Resources and Support for Minorities Living with HIV


Susan Fishman


Millions of Americans are touched by HIV/AIDS every day, but some populations are affected more than others, especially minority groups. African Americans are most affected by HIV in the United States, followed by Hispanics/Latinos, American Indians/Alaskan Natives, Native Hawaiians/Pacific Islanders, and gay and bisexual men.

Many organizations are working to educate, empower and support these communities in an effort to change the statistics. Here are some you can turn to for support services online and in your community:

  • The National Minority AIDS Council is working every day in minority communities to end the HIV/AIDS epidemic. For more information on how HIV/AIDS affects these groups, visit

  • Minority AIDS Support Services assists in sustaining and improving health, protecting the dignity, and encouraging independent living of people with HIV/AIDS.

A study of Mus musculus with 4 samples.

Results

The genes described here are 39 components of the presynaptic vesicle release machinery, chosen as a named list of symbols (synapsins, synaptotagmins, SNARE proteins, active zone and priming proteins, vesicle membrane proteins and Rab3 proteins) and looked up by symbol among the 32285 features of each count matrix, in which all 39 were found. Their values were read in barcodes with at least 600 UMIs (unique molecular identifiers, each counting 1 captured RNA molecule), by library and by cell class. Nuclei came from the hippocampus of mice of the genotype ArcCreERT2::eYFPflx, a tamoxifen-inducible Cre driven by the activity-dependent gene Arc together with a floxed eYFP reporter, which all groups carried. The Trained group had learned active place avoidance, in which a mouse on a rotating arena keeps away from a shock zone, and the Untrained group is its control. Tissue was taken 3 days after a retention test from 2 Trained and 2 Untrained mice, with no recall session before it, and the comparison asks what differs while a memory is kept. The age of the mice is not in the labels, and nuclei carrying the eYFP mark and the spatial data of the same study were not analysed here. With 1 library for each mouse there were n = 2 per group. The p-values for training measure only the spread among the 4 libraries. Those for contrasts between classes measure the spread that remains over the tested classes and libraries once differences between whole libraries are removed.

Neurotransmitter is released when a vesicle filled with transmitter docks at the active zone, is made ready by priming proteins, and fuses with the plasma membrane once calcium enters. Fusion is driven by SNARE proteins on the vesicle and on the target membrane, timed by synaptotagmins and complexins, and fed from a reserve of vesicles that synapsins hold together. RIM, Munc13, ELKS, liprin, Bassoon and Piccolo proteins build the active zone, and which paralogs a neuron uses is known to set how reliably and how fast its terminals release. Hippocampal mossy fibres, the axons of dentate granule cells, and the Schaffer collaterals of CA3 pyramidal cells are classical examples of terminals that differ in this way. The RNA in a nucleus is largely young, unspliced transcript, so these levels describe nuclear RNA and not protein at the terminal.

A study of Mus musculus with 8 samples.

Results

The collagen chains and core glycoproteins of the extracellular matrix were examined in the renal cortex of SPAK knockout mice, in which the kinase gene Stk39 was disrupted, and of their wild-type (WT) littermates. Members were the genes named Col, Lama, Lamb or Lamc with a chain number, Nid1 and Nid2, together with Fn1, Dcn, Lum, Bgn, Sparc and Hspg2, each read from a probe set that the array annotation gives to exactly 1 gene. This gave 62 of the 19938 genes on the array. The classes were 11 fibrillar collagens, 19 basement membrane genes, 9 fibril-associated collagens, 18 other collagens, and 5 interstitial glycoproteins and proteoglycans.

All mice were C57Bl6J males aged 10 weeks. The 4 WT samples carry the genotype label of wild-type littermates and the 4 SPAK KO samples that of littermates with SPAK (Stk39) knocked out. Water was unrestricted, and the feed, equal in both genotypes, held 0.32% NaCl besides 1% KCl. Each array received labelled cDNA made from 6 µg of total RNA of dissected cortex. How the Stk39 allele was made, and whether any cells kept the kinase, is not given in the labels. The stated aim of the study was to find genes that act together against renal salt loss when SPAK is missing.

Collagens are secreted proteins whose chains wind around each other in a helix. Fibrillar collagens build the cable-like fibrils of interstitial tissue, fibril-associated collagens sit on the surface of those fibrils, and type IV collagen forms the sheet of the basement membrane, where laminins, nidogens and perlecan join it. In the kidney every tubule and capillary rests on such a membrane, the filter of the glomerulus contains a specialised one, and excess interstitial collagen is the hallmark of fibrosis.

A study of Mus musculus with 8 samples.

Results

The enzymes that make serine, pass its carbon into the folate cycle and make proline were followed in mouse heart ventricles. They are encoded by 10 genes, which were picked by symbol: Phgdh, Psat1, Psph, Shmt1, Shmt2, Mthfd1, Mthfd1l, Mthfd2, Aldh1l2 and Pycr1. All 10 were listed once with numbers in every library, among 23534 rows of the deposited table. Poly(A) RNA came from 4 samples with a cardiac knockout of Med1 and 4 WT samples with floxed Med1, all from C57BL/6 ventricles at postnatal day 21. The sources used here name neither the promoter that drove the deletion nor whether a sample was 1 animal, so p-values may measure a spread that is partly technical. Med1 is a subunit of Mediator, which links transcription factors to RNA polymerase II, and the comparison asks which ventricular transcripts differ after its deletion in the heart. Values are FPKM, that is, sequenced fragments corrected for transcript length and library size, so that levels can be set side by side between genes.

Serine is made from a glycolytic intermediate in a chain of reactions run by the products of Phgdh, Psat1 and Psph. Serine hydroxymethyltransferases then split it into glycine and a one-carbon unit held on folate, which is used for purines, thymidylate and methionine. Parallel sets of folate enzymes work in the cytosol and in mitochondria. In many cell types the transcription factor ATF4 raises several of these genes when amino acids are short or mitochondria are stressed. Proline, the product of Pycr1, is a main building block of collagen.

• The Minority AIDS Project (MAP) is a California nonprofit organization that provides free educational and other HIV/AIDS-related support services without regard to age, gender, ethnicity, culture, language or other circumstances. These services are available to all, but with a primary focus on African-American and Latino communities in Central and South Central Los Angeles.

  • Your local health department or community health organization may offer assistance, information and/or programs for people living with HIV/AIDS. For a listing of state departments, visit

General HIV/AIDS Support Groups



  1. HIV/AIDS Resources. Access AIDS Care.
  2. Minorities & HIV. National Minority AIDS Council.
  3. Support Groups.
  4. HIV/AIDS Racial/Ethnic Groups. Centers for Disease Control and Prevention.
  5. HIV Support on the Web. Healthline.